Using SMART Goals to Guide Your Way to Success | Harris Casel Institute Melbourne FL

SMART goals, setting goalsAchieve what you want in your education and your career

What is one of the good habits that many successful people share? It’s goal-setting. Setting goals for your education, career, and life can help you focus your time and energy in the right direction. The process of setting a goal helps you narrow down what’s most important to you. Reaching that goal can give you a sense of satisfaction and achievement.

If you are new to goal-setting, it is best to start out small. If you set a small goal and successfully achieve it, you can set your sights on a larger goal next time. One popular way to set goals is by using the SMART method. Here’s what it means to set a SMART goal.

S: Specific
It’s important to set specific goals rather than general ones. A general goal like “I’m going to bring my grades up” is hard to manage because it’s too broad. Instead, make your goal specific, like “I’m going to get an 85% or higher on the next anatomy exam.” This way you will be able to focus your energy and attention more clearly, and you will get immediate feedback as soon as that exam is over.

M: Measurable
You want to have some way of measuring whether you achieved your goal. If you just say “I’m going to study harder next semester,” you won’t have a way of measuring this. Instead, if you say, “This month, I’m going to study at the library for two hours every Monday through Thursday,” you can actually measure if you accomplished this.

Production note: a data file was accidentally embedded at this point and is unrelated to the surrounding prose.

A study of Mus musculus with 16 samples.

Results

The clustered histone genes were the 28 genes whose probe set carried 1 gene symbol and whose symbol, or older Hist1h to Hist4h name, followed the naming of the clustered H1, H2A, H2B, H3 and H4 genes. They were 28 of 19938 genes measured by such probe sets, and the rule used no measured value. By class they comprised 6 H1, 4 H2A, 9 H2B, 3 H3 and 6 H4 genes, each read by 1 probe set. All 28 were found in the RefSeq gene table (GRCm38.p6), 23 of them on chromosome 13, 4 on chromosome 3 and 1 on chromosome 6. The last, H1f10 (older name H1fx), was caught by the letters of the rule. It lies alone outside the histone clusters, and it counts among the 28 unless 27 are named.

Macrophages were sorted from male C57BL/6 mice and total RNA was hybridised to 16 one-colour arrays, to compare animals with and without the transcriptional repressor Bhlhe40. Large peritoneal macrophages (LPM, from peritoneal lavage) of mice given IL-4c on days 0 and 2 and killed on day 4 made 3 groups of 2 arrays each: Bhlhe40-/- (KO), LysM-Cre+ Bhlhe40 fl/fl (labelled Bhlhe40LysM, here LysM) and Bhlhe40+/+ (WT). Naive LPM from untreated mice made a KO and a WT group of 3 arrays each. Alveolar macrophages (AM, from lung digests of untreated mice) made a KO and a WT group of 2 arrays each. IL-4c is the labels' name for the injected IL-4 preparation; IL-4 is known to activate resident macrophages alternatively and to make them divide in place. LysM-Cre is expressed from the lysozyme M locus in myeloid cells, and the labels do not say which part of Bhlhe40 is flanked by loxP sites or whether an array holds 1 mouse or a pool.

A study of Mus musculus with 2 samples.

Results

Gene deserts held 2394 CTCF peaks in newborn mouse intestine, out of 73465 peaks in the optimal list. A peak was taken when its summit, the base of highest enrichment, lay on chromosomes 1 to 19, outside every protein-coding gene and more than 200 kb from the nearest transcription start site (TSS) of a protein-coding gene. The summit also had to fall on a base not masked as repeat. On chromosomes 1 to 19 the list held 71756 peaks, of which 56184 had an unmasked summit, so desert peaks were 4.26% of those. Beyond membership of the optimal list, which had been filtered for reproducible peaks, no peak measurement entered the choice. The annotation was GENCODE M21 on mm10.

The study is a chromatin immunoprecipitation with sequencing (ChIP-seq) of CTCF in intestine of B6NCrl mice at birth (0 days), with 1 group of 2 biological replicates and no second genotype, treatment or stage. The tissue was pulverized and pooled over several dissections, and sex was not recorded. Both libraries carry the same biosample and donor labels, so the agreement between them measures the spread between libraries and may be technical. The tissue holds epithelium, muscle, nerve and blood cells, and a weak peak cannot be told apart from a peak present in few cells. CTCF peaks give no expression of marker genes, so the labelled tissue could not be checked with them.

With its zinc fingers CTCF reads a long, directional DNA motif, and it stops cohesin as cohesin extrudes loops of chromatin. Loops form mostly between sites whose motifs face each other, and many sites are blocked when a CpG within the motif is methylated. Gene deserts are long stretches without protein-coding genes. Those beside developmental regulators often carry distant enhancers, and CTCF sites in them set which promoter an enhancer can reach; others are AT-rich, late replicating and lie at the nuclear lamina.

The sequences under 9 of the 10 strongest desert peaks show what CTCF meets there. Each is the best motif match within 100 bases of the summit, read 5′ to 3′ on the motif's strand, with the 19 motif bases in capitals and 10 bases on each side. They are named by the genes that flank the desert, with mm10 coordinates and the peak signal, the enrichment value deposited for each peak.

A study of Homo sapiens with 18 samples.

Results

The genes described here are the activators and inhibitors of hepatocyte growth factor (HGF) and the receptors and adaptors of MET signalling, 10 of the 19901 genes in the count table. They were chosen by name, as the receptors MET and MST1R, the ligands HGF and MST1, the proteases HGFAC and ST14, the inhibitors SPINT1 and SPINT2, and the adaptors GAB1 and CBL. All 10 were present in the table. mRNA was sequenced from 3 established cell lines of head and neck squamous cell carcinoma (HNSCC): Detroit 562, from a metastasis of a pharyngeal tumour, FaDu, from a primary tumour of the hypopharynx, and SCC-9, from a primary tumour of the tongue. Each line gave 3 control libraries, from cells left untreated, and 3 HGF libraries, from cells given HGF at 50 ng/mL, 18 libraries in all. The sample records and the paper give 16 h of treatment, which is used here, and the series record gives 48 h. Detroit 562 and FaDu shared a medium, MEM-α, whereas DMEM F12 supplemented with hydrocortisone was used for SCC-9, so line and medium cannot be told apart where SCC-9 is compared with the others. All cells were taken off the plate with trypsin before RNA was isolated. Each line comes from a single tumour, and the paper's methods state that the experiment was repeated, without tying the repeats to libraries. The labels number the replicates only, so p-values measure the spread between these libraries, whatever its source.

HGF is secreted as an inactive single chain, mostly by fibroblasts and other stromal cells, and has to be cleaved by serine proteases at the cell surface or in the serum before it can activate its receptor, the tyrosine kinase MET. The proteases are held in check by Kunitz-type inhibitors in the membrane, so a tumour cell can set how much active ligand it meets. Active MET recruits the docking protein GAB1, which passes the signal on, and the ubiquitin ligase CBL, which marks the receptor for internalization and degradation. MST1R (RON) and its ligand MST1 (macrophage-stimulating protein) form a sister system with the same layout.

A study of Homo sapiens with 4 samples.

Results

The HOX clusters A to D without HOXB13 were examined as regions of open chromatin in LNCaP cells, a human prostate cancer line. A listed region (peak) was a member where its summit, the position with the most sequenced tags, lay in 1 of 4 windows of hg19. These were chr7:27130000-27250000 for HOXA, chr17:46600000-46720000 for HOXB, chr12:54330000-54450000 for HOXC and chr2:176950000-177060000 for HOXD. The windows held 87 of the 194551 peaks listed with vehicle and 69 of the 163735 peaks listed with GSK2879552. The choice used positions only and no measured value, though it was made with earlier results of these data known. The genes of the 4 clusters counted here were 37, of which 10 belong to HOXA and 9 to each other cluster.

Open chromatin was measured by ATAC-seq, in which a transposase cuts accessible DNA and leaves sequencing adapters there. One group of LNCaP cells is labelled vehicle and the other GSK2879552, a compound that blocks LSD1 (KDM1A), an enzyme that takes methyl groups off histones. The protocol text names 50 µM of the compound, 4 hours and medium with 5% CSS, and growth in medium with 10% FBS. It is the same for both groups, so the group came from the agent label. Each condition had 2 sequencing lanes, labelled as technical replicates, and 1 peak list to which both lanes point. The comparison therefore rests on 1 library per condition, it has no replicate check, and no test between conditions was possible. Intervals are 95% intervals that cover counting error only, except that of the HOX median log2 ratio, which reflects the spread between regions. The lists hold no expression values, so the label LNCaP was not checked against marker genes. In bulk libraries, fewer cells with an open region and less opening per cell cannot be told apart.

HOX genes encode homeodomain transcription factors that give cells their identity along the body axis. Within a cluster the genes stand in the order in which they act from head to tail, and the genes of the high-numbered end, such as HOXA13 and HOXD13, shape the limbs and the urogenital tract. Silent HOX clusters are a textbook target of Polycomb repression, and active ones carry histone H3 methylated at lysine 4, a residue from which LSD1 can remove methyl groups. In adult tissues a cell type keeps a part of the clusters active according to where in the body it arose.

A: Achievable
A goal is meant to be achieved. If it’s an impossible goal, you will only get discouraged. For instance, if you are currently getting C’s in most of your classes, it may not be possible to bring them all up to A’s in one semester. Instead, focus on bringing them all up to B’s, and then strive for the A’s as a longer-term goal. Smaller, achievable goals are more likely to be successful than trying to go all the way to the top.

R: Rewarding
Reaching your goal should be rewarding. You want to select goals that are meaningful to you so that you feel a sense of reward when you accomplish them. If you are not inspired by your own goals, you will be less likely to put the work into attaining them.

T: Time-bound
Your goals should have a timeline or end date. If you set an open-ended goal like “I’m going to be a better student,” you have no way of knowing when you’ve reached your goal. If you put a timeline on your goal, like “I’m going to bring my practicum grade up to a B by the end of this semester,” then you will know whether you’ve achieved it or not.

Once you have set a SMART goal or two, what’s the next step? The next step is to start the hard work that it will require to reach your goal. Here are some pointers on how to make your way toward those goals:

  • Create a timeline or checklist of the tasks you need to do to reach your goal, with target dates for each task
  • Write all the tasks on a to-do list or in your online calendar/reminder system
  • Think about barriers that may get in the way of achieving the tasks, and find ways to avoid the barriers
  • Ask others for help if you think you need it
  • Tell a friend, teacher, or mentor about your goal, to help give you more accountability
  • Write your goal on a piece of paper, and hang it somewhere you will see it every day
  • Most importantly: Don’t give up!

For more information on building your focus and determination, try these tips on getting organized. We hope this advice starts you on your way to setting SMART goals to guide you on your life’s path. You will be amazed at what you can accomplish!